Film Review

Patti Cake$

An ultimately triumphant lesson in following ones dreams. An impossible to resist treat.

23 year old New Jersey native Patricia ‘Patti Cake$’ Dombrowski (Danielle Macdonald) dreams of becoming a rapper and worships local hero and rap guru O-Z (Sahr Ngaujah), hoping that she’ll become his latest protégé. Along with her best friend Jheri (Siddharth Dhananjay), local Goth loner Bob (Mamoudou Athie) and her ailing but snarky grandmother, Nana (Cathy Moriarty) she records a demo she hopes will change her life whilst working bar jobs to help pay for Nana’s medical bills and appease her alcoholic mother, Barb (Bridget Everett).

Opening with a dream sequence where Patti is performing for an adoring crowd, supported by her mentor O-Z, we cut to the rather drab nature of her reality. Her modest bedroom is a bit of a mess and she’s looking after both her sick Nana and the antagonistic good-time girl Barb. But Patti is an optimist and with the support of the eternally enthusiastic Jheri her creative juices flow, the pair achieving an easy partnership. Once she convinces the painfully quiet Bob in his ramshackle studio/home on the outskirts of their local cemetery to join them, the trio discover their own unique sound with Nana contributing some hilariously gruff vocals.

Amidst the fun lies some unsavory fat-shaming courtesy of an unpleasant rap battle showdown and the thorny subject of cultural appropriation from her own mother who cannot understand why her daughter would want to be rapper. As a woman whose own dreams of stardom were dashed she’s reluctant to support her daughter’s passion, scoffing at her choice of genre: “That’s not real music…” and generally screwing up her own life. But Patti is no victim and gives as good as she gets from all comers, emerging on top just by virtue of her feisty spirit.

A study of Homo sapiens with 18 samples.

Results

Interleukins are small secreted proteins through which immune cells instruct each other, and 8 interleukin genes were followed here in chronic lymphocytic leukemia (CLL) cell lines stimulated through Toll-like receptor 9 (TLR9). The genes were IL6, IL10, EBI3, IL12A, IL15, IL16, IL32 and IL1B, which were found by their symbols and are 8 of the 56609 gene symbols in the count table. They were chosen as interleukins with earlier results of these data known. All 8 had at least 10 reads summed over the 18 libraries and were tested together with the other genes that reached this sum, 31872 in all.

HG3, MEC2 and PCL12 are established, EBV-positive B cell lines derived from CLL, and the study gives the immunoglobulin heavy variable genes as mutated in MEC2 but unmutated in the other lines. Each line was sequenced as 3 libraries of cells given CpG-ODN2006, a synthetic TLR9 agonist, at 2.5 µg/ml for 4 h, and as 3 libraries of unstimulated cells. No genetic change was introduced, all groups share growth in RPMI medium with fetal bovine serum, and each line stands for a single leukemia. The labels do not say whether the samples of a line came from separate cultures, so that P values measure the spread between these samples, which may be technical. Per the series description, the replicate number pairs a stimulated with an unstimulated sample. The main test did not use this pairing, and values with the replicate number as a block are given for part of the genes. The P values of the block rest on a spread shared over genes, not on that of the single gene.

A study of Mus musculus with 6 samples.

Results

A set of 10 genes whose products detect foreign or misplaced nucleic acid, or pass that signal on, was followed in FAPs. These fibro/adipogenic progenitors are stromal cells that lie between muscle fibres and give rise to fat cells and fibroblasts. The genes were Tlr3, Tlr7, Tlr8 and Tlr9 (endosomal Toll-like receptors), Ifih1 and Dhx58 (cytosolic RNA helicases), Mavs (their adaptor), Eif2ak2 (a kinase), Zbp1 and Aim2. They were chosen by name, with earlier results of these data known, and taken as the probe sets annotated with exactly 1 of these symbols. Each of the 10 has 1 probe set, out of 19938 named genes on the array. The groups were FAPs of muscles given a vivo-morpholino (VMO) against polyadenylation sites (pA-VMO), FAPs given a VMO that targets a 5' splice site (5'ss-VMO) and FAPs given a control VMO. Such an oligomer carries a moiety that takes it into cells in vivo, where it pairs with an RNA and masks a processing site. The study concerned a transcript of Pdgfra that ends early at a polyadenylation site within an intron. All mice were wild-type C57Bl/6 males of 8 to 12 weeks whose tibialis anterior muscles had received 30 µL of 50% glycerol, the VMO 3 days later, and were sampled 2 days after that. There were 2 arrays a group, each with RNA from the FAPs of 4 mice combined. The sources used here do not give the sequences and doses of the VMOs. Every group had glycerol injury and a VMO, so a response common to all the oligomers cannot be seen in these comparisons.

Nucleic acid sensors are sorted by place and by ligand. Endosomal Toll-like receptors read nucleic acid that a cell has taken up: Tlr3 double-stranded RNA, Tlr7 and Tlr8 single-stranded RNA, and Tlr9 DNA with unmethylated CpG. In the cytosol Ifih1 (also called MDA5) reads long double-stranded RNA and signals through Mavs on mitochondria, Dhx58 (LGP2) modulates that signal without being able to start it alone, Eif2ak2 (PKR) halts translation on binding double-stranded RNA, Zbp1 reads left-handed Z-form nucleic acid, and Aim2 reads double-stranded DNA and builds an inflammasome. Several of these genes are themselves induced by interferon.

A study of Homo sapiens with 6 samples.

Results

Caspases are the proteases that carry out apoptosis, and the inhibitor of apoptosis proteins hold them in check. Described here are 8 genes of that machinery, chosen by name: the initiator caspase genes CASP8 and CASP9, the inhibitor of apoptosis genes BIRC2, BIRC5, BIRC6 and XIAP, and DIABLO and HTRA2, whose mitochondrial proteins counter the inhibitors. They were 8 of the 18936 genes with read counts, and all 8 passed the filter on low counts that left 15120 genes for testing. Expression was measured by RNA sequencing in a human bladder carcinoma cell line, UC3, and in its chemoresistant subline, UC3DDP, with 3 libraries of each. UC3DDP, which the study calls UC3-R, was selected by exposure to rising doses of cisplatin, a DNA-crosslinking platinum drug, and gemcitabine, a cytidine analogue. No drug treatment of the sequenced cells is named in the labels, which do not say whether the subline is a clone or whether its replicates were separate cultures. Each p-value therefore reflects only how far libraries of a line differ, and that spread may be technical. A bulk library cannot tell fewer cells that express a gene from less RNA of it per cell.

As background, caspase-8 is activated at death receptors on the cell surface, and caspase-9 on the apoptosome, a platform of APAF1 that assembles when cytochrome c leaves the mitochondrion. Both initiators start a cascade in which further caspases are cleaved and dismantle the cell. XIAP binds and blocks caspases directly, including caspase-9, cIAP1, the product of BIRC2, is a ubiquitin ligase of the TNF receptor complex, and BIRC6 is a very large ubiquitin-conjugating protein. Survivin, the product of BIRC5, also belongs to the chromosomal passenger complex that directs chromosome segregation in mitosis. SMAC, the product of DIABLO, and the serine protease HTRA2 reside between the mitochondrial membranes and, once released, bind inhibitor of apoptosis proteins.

Macdonald turns in a revelatory performance as the sweet and sassy Patti aka Killer P, her easy chemistry with Moriaty and Dhananjay in particular are a joy to watch, while Everett is no villain, her unsupportive Barb has the necessary sad backstory of shattered dreams and missed opportunity to make her understandably unimpressed by the idea of Patti attempting the same path.
Writer/Director Geremy Jasper just about avoids cliché with his hip-hop tale of self-belief and represents the mother/daughter dynamic well, ultimately creating a tale of joy and female empowerment without preaching or manipulating our emotions. And frankly any film that resurrects Lita Ford’s little known 80’s hair metal classic, Kiss Me Deadly, is a winner.

The charming yet familiar material is elevated by a star-making performance by Danielle Macdonald in what is an ultimately triumphant lesson in following ones dreams. An impossible to resist treat.